Despite low water and lack of dredging, the Great Lakes shipping industry is on the mend from record low traffic in 2009.
The Maritime Administration’s report, “Status of the U.S.-Flag Great Lakes Water Transportation Industry,” outlines some of the success and challenges of the U.S.-flag fleet that plies the lakes. Cargo on the lake dropped 33 percent in the economic crisis of 2009, when major shippers in the steel and auto industries were hard hit. Iron ore, the single most important cargo for U.S.-flag lakers, has almost fully recovered to pre-recession levels.
The industry sees the report as positive, said Glen Nekvasil, vice president of the Lake Carriers’ Association, which represents 17 companies that operate 57 U.S.-flag vessels.
“It confirmed what previous reports said, that we’re very efficient and very safe, and since we’re in fresh water we don’t have to build new ships so you can achieve most of the efficiencies by re-powering those vessels,” Nekvasil said.
MarAd launched the study in 2009 when the industry was hit with a confluence of challenging conditions, including loss of cargo due to the recession, uncertainty about federal regulations on emissions and ballast water treatment and low water conditions.
The report concluded that “the U.S. Great Lakes maritime industry is generally healthy, providing efficient, safe and environmentally friendly transportation services. It continues to be competitive with railways and trucks and, supported by responsible regulation and infrastructure maintenance, will remain an essential part of the regional and national economies.”
Dredging on the lakes remains the No. 1 priority for the lake carriers, and the drought of the last several years has only exacerbated the problem. In 2012, the federal government funded dredging in only 16 of the 60 ports on the Great Lakes. Carriers have to reduce cargo to allow vessels to operate.
Mark Barker, president of The Interlake Steamship Co., said his 1,000-foot lakers give up two to two-and-a-half feet of loading depth due to low water.
“That’s 300,000 to 400,000 tons a year each vessel loses, and that equates to six more trips to carry the same amount of tonnage with normal water levels,” Barker said. “With the limited season we have on the lakes, that’s cargo that we can’t get back.”
The water level on lakes Michigan and Huron are 29 inches below long-term average, and the other lakes are also well below average. The industry anticipated worsening conditions when the 2013 shipping season through the Sault Ste. Marie locks resumed March 25.
The industry faces uncertainty in ballast water regulations. Federal regulations currently require U.S.-flag lakers to use Best Management Practices instead of the treatment systems designed for oceangoing vessels. However, individual states could require lakers to treat their ballast. The industry’s position is that because lakers never leave the system, there’s no need for them to treat their ballast.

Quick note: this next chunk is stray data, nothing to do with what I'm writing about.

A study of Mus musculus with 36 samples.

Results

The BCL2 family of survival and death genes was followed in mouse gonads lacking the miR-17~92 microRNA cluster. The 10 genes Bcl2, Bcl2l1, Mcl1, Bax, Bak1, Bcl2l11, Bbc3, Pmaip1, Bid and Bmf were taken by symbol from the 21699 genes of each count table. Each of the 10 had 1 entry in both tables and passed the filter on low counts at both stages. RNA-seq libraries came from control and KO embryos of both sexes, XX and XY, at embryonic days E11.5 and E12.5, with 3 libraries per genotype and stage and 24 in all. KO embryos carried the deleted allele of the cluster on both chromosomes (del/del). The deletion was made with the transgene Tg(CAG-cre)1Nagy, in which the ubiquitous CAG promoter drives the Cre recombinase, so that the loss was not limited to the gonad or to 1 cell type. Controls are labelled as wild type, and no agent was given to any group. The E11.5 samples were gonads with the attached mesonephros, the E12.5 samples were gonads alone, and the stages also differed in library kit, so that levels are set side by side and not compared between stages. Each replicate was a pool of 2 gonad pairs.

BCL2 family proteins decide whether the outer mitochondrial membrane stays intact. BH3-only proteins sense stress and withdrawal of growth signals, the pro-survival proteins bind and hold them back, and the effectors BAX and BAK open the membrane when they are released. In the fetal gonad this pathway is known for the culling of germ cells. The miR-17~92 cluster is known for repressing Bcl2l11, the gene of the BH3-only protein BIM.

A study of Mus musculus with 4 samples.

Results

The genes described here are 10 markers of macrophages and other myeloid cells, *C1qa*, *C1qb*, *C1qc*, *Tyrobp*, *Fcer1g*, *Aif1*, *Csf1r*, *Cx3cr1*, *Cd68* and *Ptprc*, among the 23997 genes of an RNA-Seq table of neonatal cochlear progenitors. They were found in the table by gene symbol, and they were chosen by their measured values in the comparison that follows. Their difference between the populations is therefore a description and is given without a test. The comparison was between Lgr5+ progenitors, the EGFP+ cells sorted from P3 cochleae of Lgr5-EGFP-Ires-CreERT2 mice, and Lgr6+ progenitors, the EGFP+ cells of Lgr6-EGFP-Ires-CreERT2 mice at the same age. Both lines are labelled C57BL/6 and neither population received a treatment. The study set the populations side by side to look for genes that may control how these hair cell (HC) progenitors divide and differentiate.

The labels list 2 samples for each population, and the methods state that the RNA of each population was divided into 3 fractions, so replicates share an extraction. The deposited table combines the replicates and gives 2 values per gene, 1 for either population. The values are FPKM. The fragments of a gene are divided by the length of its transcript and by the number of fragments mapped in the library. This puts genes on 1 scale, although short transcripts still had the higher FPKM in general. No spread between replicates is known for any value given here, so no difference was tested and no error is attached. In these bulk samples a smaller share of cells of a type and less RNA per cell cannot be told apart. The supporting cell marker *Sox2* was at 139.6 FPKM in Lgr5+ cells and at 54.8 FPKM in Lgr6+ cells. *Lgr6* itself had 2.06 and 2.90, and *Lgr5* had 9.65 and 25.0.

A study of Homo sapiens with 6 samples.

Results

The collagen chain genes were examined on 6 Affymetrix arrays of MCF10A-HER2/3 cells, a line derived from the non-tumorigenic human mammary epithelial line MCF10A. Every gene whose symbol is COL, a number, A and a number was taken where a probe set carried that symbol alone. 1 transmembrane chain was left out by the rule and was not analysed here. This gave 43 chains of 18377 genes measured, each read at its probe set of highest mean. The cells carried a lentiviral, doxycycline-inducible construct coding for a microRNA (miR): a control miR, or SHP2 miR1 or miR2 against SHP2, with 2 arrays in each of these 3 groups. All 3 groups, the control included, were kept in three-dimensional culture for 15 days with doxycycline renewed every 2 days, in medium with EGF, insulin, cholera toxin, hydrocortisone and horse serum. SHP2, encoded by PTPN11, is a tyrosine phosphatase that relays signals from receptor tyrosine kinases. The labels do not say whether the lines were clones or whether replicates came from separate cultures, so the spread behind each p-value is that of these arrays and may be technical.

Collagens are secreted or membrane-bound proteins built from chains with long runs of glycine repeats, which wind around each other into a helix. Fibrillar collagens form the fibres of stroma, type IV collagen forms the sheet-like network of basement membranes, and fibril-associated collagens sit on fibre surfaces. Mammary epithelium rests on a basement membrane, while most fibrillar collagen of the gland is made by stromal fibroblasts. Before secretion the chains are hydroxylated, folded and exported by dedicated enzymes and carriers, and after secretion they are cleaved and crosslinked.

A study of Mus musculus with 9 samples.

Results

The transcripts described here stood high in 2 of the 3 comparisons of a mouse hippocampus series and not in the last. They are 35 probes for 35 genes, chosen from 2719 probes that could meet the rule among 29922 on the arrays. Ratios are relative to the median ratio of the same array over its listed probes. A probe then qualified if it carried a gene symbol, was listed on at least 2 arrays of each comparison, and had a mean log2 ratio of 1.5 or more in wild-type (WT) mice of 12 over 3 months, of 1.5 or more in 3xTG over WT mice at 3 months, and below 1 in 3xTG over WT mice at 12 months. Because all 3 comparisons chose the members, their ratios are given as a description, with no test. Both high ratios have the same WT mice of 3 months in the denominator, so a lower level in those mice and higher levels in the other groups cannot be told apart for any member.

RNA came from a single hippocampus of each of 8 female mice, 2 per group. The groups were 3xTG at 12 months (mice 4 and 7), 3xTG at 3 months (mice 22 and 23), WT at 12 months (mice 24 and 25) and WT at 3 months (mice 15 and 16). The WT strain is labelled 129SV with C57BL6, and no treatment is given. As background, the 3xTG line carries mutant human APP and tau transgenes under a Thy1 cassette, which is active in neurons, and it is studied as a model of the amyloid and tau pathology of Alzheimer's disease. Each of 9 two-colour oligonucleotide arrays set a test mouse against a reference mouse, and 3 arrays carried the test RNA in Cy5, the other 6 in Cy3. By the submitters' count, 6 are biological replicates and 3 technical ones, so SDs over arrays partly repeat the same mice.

“Their ballast tanks contain only what’s already in the lakes and the non-indigenous species introduced by oceangoing vessels have been migrating freely throughout the system for years,” James H.I. Weakley, president of the Lake Carriers’ Association, said in the group’s response to the study.
In response to clean air regulations, some laker operators are converting older vessels from steam power to diesel engines, and upgrading older diesels to newer, cleaner engines. According to the report, 12 lakers remain powered by steam engines rather than diesel engines.
Because of technical issues, steamships are exempt from the sulfur limits that apply on the Great Lakes. Some Great Lakes carriers remain interested, however, in re-powering these older vessels with modern engines that can burn low-sulfur fuels for less pollution and better fuel efficiency.
Interlake Steamship has re-powered four vessels since 2006. Barker said impending regulatory changes were part of the equation.
“We saw the government was going to focus on emissions and environmental impact so we started down a path of re-powering for that purpose,” Barker said.
For further emission reduction, vessel owners are considering dual-fuel engines that can operate on either diesel or liquid natural gas.
“Nothing has been announced officially, but we know that some members are looking at it,” Nekvasil said. “The infrastructure would need to be put in place, but I know that people are looking very seriously at it.”